Heart Risk from Popular Diabetes Medication The diabetes medication Avandia by GlaxoSmithKline has been the subject of two studies that were released Monday. These studies show that the use of Avandia can cause serious heart risks. U.S. regulators will be weighing the information from these studies to decide whether to pull Avandia from the market.
An advisory panel meeting is scheduled to be held in two weeks to make a decision about Avandia. The safety question concerning Avandia arose three years ago, knocking the popular drug down the ladder from being GSK’s 2nd biggest drug.
In 2007 a study was performed , the results of that study have now be updated based on analysis of 56 clinical trials to show that Avandia increases the chance of a heart attack by 28 to 39 percent. Cleveland Clinic’s head of cardiology Dr. Steven Nissen is the lead author of the studies and an outspoken critic of Avandia.
“A drug that increases the risk of heart attack by a third or more in diabetics represents a huge public health burden,” Nissen says. He has stated that he believes the drug should be removed from the market.
Studies performed by GlaxoSmithKline have not shown the same heart risks, and the FDA has kept the drug on the market while the risks and dangers are being reviewed. In February the FDA announced that it was again reviewing the risks of Avandia and scheduled the advisory panel meeting for next month.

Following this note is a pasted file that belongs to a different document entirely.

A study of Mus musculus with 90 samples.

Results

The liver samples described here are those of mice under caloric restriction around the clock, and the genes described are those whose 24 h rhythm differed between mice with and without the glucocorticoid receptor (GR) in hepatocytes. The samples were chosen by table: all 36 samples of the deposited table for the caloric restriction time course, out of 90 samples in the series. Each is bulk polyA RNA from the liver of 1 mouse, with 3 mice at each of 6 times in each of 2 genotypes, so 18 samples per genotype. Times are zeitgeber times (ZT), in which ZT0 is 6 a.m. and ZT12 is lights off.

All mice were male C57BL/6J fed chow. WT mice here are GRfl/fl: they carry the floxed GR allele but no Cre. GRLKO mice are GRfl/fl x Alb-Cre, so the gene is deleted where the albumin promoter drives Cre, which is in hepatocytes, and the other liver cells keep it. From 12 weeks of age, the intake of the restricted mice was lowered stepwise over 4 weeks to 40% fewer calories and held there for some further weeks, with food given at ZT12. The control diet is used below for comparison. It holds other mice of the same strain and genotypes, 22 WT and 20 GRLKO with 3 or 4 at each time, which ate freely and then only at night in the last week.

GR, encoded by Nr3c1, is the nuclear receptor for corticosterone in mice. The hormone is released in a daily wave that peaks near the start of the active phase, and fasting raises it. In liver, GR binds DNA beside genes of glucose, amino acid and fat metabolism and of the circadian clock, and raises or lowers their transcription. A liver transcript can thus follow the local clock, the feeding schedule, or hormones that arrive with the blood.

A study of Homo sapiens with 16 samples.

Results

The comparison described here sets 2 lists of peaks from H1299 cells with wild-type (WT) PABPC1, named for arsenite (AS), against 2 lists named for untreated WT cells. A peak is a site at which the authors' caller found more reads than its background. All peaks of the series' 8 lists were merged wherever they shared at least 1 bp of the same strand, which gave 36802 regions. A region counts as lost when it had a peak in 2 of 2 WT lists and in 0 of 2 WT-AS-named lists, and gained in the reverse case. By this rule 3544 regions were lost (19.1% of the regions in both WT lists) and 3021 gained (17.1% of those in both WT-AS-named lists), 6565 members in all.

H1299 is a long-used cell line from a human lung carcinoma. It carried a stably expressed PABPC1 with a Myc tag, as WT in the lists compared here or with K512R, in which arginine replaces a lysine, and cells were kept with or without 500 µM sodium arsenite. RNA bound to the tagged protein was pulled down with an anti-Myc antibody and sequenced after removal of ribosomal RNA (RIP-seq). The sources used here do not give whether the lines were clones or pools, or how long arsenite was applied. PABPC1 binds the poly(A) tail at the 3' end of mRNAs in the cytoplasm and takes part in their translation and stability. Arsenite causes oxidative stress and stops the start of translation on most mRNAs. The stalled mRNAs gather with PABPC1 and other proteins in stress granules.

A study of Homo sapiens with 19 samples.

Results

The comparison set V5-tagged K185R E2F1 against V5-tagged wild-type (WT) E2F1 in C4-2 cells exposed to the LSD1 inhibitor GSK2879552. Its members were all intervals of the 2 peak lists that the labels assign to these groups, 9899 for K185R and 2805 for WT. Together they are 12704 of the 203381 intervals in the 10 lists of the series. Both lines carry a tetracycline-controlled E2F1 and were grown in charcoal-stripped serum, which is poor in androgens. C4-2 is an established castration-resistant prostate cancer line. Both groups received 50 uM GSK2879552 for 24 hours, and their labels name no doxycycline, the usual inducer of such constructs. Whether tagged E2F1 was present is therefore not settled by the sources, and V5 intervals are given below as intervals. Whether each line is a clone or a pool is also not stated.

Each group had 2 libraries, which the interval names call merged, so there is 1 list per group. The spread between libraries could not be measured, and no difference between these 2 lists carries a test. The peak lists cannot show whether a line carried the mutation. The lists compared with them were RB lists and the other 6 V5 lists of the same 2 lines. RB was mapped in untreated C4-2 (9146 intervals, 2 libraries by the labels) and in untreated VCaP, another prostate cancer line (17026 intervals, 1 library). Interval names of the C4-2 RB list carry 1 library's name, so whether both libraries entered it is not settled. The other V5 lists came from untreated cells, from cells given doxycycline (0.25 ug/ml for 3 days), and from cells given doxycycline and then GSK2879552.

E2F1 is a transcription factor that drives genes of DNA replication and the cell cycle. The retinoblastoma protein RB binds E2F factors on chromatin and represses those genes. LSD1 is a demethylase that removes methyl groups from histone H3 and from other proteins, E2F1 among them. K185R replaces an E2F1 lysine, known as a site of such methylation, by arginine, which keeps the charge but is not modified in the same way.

The agency and the panel will consider the findings of the studies as well as others including FDA analyses that have not yet been made public. The panel has a lot of impact on the FDA’s decision as the FDA usually follows a panel recommendation.
Options that the panel will discuss include keeping the drug on the market but issuing a warning, prescribinglimitations or a complete ban of all future sales of the drug.
GSK defends the medication saying that six randomized clinical trials, considered the gold standard for medical studies showed that Avandia did not increase the overall risk of heart attack, stroke or death.
In the event that Avandia is pulled off the market diabetics have as many as 12 different options for medications approved to lower blood sugar. However at the moment the FDA advises physicians and patients to continue using the medication until a decision is made.